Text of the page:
Government asked to intervene in Wa UDS campus crises

Government asked to intervene in Wa UDS campus crises

Some concerned residents of Wa have appealed to the Government to intervene in the impasse that has resulted in the closure of Wa campus of the University of Development Studies to enable the students to resume lectures.

They contended the decision to close down the campus which accommodates the Faculty of Integrated Development (FIDS) at a time when the students had called off their boycott of lectures, was an over-reaction to a situation that could be controlled.

The residents who have been following events leading to the closure of the campus expressed these sentiments when the Ghana News Agency interviewed them on the raging impasse at Wa at the weekend.

Mr. Abdul-Mumuni Insah, a retired educationist regretted that a small disagreement between the students and the University authorities had been allowed to degenerate into crisis and assume a national character.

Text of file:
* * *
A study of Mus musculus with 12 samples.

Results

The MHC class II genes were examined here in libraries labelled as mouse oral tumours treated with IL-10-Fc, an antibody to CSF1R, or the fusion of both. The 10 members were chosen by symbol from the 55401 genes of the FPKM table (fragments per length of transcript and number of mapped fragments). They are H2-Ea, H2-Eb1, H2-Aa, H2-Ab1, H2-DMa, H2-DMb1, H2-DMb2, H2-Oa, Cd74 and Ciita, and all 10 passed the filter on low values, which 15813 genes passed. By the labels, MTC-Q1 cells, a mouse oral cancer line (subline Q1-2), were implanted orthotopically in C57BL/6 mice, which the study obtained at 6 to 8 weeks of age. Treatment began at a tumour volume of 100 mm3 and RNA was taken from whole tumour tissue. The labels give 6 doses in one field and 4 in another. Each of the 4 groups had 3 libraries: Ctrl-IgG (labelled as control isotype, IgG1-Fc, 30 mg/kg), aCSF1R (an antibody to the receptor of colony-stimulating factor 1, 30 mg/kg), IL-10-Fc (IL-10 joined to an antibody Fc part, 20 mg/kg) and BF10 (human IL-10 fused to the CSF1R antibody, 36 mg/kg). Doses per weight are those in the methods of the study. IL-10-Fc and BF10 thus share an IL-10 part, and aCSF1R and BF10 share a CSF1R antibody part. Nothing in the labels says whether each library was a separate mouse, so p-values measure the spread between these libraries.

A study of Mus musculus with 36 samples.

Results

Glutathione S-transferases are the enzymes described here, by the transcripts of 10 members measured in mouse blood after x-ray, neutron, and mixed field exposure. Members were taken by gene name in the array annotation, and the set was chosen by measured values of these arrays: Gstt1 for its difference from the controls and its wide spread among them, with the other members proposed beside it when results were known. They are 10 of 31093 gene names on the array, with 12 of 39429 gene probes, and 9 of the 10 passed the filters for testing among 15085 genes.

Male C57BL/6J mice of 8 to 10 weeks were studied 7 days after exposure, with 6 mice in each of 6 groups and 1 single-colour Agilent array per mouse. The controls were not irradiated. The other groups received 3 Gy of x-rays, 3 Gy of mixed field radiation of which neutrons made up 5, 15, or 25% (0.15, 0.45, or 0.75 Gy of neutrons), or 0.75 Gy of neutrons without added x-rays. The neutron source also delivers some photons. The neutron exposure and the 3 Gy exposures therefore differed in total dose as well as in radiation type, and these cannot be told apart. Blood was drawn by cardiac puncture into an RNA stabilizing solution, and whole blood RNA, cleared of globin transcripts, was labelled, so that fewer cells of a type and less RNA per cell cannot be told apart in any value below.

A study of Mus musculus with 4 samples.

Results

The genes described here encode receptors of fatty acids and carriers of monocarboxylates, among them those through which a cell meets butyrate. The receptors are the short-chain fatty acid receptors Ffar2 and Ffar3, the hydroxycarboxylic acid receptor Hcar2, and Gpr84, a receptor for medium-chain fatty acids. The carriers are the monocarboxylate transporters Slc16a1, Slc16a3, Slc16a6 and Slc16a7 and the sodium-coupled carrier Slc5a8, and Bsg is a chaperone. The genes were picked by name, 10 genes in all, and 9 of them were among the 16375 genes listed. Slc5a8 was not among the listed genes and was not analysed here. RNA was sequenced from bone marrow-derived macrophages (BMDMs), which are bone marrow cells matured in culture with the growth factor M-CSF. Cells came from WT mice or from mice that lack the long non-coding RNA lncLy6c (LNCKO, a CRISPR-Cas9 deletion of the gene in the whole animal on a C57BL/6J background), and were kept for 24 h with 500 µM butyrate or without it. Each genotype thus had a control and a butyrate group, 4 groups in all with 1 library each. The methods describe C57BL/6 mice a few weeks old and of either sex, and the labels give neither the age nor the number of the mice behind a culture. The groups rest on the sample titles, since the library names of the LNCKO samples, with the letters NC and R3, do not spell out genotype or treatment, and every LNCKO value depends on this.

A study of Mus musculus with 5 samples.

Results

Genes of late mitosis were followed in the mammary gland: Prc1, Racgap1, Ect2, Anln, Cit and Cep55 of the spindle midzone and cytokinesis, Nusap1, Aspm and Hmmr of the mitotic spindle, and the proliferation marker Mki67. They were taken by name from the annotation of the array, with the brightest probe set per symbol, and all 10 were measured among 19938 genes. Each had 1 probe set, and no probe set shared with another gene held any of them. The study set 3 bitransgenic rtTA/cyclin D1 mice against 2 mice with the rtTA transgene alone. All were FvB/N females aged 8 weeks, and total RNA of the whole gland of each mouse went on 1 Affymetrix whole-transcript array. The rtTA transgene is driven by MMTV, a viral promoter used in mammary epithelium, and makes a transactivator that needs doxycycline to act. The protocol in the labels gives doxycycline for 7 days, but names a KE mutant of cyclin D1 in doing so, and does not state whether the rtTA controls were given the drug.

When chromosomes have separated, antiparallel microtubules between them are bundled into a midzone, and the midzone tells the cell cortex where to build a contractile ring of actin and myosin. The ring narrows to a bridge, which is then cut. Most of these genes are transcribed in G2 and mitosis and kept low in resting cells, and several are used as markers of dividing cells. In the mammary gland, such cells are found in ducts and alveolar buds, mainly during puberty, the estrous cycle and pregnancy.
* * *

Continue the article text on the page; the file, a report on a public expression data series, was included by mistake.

“What is left now is for the government to come in fully to find a lasting solution to the crisis to allow the students to return to lectures once the university council has not yet been reconstituted”, he suggested.

He wondered whether suspending the two students from their leadership positions in the Students' Representative Council was the only option available to the University authorities in their bid to enforce discipline.

Mr. Bashir Malik, a public servant said the extreme positions taken by the University authorities on one side and the students on the other demanded that the government stepped in fully to resolve the problem.

However traders and other business minded residents of the Municipality are only worried about the level of decrease in sales returns as a result of the closure of the campus since most of the students accommodated in hostels have left for their home towns.

The students are regarded as very good and reliable customers by traders in the Wa central market in particular.
Since November last year, students of the Wa campus have been locked in an impasse with authorities of the University over the suspension of two of their colleagues, President and Secretary of the central SRC of the University after accusing them of misconduct.

The students described the action as unconstitutional and called for their reinstatement but when the Acting Vice-Chancellor did not budge, the students went on a demonstration and followed it up with the boycott of classes

A day after they decided to call off the boycott and resume lectures, they were asked by the University authorities to go home.